The Hill logo The Hill 11/19/2020 Naomi Jagoda
Ron Wyden wearing a suit and tie smiling and looking at the camera: Grassley, Wyden criticize Treasury guidance concerning PPP loans © Bonnie Cash Grassley, Wyden criticize Treasury guidance concerning PPP loans

Senate Finance Committee Chairman Chuck Grassley (R-Iowa) and ranking member Ron Wyden (D-Ore.) on Thursday criticized new Treasury Department guidance about the tax treatment of expenses related to Paycheck Protection Program (PPP) loans, asking the department to revisit its approach.

"We encourage Treasury to reconsider its position on the deductibility of these expenses, and the timing of those deductions, to provide relief to the small businesses that need it most," Grassley and Wyden said in a statement.

The PPP is a coronavirus relief program under which small businesses received loans that can be forgiven if the proceeds are used to maintain payroll. The legislation that created the PPP includes a provision stating that the loan forgiveness is not considered taxable income.

Under guidance Treasury and the IRS issued late Wednesday, if a business hasn't had its PPP loan forgiven at the end of the year but expects the loan to be forgiven in the future, the company cannot deduct expenses related to the loan, even if the business hasn't yet filed for forgiveness.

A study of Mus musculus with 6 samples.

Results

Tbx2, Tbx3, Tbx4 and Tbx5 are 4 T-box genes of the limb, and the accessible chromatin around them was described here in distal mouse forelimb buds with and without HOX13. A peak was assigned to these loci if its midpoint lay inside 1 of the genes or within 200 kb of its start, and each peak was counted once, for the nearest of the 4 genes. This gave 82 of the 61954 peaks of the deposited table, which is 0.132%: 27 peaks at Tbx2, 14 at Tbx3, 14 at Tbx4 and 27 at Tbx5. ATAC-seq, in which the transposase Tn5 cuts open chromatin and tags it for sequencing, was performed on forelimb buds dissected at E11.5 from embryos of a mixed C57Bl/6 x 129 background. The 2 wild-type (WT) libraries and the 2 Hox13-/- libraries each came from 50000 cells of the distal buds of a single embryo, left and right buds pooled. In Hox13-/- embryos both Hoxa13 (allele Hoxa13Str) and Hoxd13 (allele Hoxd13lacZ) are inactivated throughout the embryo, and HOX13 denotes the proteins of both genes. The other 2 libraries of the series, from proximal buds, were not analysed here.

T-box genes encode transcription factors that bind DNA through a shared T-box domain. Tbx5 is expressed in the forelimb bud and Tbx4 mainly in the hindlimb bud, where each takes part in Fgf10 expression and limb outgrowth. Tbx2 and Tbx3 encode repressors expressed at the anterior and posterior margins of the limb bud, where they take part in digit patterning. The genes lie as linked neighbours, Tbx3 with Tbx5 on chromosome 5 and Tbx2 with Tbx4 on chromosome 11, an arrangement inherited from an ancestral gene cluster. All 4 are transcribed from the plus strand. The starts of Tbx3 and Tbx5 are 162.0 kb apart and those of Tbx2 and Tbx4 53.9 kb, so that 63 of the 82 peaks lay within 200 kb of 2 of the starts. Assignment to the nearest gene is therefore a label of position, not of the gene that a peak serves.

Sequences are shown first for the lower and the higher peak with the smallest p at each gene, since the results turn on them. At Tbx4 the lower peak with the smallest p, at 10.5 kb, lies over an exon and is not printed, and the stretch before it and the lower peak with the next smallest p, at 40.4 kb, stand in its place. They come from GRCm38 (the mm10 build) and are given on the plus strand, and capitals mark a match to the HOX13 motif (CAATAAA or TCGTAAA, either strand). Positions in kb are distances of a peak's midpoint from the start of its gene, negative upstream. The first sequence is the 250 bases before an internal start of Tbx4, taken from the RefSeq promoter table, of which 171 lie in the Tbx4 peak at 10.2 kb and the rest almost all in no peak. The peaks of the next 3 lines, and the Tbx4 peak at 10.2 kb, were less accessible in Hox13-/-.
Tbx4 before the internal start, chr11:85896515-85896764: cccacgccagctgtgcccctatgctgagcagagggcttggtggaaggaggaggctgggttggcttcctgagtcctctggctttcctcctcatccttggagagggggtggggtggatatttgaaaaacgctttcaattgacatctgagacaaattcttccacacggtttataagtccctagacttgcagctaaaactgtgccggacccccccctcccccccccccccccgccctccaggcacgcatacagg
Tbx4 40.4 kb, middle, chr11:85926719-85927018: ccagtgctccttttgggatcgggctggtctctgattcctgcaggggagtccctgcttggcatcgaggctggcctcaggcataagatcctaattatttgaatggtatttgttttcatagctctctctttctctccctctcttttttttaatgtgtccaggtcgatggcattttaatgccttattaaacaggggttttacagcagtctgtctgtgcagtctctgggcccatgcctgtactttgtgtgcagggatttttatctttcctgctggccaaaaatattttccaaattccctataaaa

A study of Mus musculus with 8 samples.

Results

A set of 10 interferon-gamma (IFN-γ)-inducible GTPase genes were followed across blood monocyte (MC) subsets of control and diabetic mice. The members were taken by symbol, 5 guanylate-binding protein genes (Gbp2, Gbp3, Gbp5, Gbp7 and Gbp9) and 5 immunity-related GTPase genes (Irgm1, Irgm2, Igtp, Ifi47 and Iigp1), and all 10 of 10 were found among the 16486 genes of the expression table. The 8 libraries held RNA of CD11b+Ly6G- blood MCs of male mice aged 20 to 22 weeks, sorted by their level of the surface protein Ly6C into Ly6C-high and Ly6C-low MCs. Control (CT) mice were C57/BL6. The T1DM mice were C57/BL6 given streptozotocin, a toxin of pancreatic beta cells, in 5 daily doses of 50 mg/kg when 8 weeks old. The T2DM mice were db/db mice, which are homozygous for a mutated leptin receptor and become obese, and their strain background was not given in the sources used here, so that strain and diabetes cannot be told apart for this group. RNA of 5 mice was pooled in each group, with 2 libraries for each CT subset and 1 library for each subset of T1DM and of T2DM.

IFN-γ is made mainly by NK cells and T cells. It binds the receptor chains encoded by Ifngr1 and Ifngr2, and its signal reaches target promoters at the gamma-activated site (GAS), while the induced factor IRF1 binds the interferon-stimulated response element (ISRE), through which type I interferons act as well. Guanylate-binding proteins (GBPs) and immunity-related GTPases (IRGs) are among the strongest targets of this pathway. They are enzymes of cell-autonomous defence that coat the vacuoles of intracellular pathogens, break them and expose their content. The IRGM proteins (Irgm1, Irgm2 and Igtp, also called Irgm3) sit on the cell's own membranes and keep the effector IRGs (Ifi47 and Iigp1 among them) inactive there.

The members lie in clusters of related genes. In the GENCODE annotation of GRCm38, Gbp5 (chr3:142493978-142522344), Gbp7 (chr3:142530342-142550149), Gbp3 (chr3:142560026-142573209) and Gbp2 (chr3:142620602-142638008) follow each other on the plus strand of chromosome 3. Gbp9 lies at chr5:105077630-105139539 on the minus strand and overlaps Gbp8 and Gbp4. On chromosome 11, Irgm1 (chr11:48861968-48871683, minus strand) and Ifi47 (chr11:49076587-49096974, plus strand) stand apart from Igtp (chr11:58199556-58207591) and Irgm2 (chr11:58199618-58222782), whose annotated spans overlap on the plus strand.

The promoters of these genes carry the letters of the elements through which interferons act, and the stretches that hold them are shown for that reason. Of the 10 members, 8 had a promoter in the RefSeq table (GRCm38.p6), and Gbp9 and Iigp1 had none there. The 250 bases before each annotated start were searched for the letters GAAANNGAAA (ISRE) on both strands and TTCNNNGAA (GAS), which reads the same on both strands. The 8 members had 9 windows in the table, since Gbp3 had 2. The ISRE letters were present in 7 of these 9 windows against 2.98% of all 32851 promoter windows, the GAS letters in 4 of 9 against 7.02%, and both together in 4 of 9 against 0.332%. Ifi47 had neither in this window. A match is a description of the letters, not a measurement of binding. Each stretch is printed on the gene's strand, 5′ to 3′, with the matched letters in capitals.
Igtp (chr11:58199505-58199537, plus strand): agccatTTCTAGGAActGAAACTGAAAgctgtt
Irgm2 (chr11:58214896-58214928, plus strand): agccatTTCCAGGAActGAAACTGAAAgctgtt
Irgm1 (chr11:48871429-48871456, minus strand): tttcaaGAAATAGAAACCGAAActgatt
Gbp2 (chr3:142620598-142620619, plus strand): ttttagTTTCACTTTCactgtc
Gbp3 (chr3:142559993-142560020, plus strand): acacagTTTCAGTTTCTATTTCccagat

The guidance follows a notice Treasury and the IRS issued in the spring stating that expenses associated with loan forgiveness under the PPP are not deductible.

Treasury Secretary Steven Mnuchin said in a statement Wednesday that the new guidance gives taxpayers more clarity.

"These provisions ensure that all small businesses receiving PPP loans are treated fairly, and we continue to encourage borrowers to file for loan forgiveness as quickly as possible," he added.

But Grassley and Wyden said in their statement that the new guidance, along with the guidance issued earlier this year, goes against lawmakers' intention that small businesses receiving PPP loans be able to take deductions for ordinary and necessary business expenses.

"Regrettably, Treasury has now doubled down on its position in new guidance that increases the tax burden on small businesses by accelerating their tax liability, all at a time when many businesses continue to struggle and some are again beginning to close," the senators said. "Small businesses need help maintaining their cash flow, not more strains on it."